By: Cassidy Delamarter, University Communications and Marketing
The University of South Florida is one of three members of the Association of American Universities awarded a grant by the U.S. Department of Agriculture to investigate the transmission drivers of infectious diseases. Led by integrative biologist Andrew Kramer, the five-year study on the future of coronavirus in animals is supported by the USDA’s Animal and Plant Health Inspection Service through a multiagency partnership with the National Science Foundation and National Institutes of Health.
“With the increased interactions between humans and wildlife, one of the important things about this work is that it reminds us that it’s not just us here,” Kramer said. “Our health can also make animals sick, and that might make us sicker. And that's an understudied aspect of the dynamics.”
With a $3 million grant, Kramer will examine how the virus spreads between wildlife and humans to create predictive models that can be used to protect human health from future variants and emerging diseases. This combined with research being conducted at the University of Florida and University of Minnesota on the evolution of pathogens and invasive species will provide a big-picture understanding of the transmission dynamics of infectious disease.
As a quantitative ecologist, Kramer will use computational methods to understand the population dynamics and spread of invasive species and emerging diseases in the northeastern forest community, an ecoregion that spans more than 30,000 miles across seven states from Maine to Pennsylvania.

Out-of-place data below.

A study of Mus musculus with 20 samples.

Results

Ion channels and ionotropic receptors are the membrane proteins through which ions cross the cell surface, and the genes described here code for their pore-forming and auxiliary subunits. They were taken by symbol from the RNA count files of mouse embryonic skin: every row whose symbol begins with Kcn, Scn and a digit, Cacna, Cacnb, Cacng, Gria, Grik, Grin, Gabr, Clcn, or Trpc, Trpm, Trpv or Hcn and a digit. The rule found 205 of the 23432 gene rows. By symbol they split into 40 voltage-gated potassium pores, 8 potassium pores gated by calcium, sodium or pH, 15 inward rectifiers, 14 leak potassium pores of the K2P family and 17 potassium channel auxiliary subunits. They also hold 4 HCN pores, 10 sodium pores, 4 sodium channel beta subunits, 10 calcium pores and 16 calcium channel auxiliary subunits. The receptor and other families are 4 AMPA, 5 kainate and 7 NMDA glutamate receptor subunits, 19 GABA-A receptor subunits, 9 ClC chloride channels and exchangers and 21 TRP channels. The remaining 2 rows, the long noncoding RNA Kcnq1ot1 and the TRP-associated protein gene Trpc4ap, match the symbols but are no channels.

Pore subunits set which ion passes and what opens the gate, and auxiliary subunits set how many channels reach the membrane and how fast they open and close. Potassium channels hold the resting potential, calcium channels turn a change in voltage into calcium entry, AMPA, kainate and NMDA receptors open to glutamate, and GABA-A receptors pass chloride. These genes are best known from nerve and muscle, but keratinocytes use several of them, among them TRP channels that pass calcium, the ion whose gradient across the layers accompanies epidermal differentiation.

To create the models, Kramer will collaborate with colleagues from the Cary Institute of Ecosystem Studies, IBM Research and Washington State University. Together, the team will analyze how the virus spreads among wildlife mammals, such as white-tailed deer, to advance the currently limited ability to predict zoonotic variants of coronavirus and their risk to humans.
“We want to provide a bigger picture of what’s actually driving the disease and its risk to both humans and animals,” Kramer said. “It appears certain the virus will persist in animals as long as it is prevalent in humans.”
By studying wildlife and how transmission may occur in natural populations, the team can improve assessments of risk to wildlife and humans, enabling better guidance on human and wildlife interactions. Kramer says the hope is that modeling these dynamics will be informative beyond coronavirus and help researchers understand multiple zoonotic pathogens, such as avian influenza and other emerging diseases.
The Ecology and Evolution of Infectious Diseases Program grant was provided by the USDA Animal and Plant Health Inspection Service through the joint National Science Foundation, National Institutes of Health and National Institute of Food and Agriculture with partnership from the Biotechnology and Biological Sciences Research Council.